As the United States prepares to supply Syrian rebels with small arms through a CIA-run program, Secretary of Defense Chuck Hagel said Saturday that U.S. troops temporarily in neighboring Jordan will leave behind fighter jets and a cache of Patriot missiles.
So far the White House has committed only to supplying rebel forces with small arms and ammunition, following confirmation that the regime of Syria President Bashar al-Assad's has been using chemical weapons in the 2-year-long civil war in which at least 90,000 people have been killed.
Arizona Republican Sen. John McCain and other Capitol Hill military hawks have called for much heavier arms including the Patriot defense missiles and for the United States to enforce a no-fly zone over Syria.
However, the Pentagon made clear Saturday the detachment of missiles and F-16s was brought to Jordan as part an annual, multi-nation military exercise called Eager Lion and will remain there only at the request of the country leaders, when the exercise ends next week.
The White House announced the decision to aid the Syrian opposition Thursday. President Obama vowed last summer to take action should the Assad regime cross a “red line” by using chemical weapons, but has been challenged in verifying whether Assad's forces used chemical weapons and in determining which rebel forces can be trusted.
Critics of the plan say it might be too little, too late as Assad's forces appear to be taking control of the war.
The White House has still not decided whether to send anti-tank weapons, while the CIA prepares to arm and train the rebels, as confirmed Saturday by Fox News.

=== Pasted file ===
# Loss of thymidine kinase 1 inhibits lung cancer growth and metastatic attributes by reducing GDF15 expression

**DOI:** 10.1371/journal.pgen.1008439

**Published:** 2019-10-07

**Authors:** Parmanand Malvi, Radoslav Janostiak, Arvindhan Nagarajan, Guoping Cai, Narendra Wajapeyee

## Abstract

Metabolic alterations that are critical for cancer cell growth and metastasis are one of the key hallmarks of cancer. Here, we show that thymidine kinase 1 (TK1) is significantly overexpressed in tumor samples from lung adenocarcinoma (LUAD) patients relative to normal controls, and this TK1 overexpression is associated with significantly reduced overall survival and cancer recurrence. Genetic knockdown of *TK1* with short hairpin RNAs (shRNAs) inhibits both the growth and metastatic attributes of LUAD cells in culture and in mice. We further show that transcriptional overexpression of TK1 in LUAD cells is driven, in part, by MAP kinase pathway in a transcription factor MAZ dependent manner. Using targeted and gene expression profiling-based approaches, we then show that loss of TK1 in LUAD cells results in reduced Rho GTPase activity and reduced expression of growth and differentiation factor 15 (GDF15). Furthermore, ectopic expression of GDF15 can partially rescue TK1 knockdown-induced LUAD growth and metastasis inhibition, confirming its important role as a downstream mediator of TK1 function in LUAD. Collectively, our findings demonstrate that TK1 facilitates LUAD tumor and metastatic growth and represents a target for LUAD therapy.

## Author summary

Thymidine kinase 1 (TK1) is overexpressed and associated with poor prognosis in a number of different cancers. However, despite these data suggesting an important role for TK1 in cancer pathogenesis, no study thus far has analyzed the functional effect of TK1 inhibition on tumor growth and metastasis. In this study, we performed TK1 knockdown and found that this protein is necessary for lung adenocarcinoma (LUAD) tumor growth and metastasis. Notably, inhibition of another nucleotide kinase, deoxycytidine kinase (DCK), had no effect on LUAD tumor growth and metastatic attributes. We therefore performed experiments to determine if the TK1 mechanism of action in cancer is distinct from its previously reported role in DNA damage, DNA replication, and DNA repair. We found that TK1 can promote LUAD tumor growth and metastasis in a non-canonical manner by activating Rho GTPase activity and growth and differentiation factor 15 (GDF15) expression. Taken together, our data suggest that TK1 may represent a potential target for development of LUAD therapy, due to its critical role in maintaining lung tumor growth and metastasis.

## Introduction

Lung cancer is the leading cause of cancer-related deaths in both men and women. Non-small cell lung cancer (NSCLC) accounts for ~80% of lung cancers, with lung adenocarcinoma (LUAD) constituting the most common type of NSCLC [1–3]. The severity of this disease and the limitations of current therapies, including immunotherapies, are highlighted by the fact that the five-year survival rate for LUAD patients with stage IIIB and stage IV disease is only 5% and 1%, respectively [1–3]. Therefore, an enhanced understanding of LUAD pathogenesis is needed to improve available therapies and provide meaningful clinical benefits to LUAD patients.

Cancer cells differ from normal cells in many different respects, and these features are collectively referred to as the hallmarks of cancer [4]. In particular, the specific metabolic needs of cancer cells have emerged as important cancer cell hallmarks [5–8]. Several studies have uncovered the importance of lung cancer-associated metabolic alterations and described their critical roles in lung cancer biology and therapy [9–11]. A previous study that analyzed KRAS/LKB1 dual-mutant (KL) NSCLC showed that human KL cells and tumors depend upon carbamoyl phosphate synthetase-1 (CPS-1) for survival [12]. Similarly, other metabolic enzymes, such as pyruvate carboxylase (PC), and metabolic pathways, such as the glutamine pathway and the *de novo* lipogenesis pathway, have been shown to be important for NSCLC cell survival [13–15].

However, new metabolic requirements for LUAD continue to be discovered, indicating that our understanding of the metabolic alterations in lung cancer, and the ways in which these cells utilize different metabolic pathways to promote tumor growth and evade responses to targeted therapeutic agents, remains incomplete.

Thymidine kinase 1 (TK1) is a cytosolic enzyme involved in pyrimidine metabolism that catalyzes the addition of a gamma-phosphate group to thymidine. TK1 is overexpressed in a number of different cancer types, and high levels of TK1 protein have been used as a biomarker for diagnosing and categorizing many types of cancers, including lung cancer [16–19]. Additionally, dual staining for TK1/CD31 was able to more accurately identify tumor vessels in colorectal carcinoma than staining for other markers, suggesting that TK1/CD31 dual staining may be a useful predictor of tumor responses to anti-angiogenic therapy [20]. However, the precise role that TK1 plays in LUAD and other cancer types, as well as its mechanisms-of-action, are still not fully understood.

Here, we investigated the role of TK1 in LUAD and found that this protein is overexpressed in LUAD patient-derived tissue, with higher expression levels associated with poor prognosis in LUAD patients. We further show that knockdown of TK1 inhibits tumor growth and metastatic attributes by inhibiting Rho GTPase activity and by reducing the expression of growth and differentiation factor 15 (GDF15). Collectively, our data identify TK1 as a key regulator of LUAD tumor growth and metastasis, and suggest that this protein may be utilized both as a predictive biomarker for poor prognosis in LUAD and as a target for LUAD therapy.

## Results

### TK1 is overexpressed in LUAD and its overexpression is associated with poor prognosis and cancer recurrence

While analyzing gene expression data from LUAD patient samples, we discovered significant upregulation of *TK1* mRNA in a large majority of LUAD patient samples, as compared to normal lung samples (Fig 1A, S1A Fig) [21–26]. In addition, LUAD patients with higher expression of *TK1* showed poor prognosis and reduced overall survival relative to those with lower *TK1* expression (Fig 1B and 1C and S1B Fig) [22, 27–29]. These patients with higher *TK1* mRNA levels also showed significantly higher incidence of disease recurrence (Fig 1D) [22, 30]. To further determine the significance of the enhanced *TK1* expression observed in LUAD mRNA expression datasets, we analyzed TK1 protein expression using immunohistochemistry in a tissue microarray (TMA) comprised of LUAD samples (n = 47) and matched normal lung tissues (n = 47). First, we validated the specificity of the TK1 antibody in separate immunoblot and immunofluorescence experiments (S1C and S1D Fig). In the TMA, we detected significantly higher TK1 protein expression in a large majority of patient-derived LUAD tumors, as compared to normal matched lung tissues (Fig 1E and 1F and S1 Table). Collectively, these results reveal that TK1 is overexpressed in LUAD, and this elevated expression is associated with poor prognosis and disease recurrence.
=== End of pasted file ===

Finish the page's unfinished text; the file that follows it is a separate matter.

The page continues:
Secretary of State John Kerry on Saturday explained the president’s decision to go beyond supplying humanitarian aid.
He told Iraqi Foreign Minister Hoshyar Zebari that the use of chemical weapons, the militant group Hezbollah’s increasing support of Assad forces as well as the regime’s threats and lack of commitment to negotiate “put a political settlement out of reach,” according to the State Department.
The United States also has roughly 5,000 troops in Jordan. But they will leave at the end of the military exercise. And the arming of the Syrian rebels will happen in Turkey, another bordering county, military sources say.
Russia, which backs Assad, is questioning the White House’s evidence about chemical weapons, including the use of the nerve gas sarin and says the reports do not meet stringent criteria for reliability. Russian officials also opposed the call by McCain and others for a no-fly zone over Syria.
In fighting Saturday, Assad forces captured a suburb of Damascus near the capital's international airport, according to SANA, Syria's state news agency.
SANA says troops killed several rebels and destroyed their hideouts in the Ahmadiyeh area on Saturday, two days after a mortar round landed near the airport's runway and briefly disrupted flights.
A local rebel commander who identified himself by his nickname, Abu Hareth, for fear of government reprisals, said soldiers and rebels have been fighting sporadically in the area since late Friday. He said two rebel fighters have been killed there since.
Ahmadiyeh is part of a region known as Eastern Ghouta, where government forces have been on the offensive for weeks.
The Associated Press contributed to this report.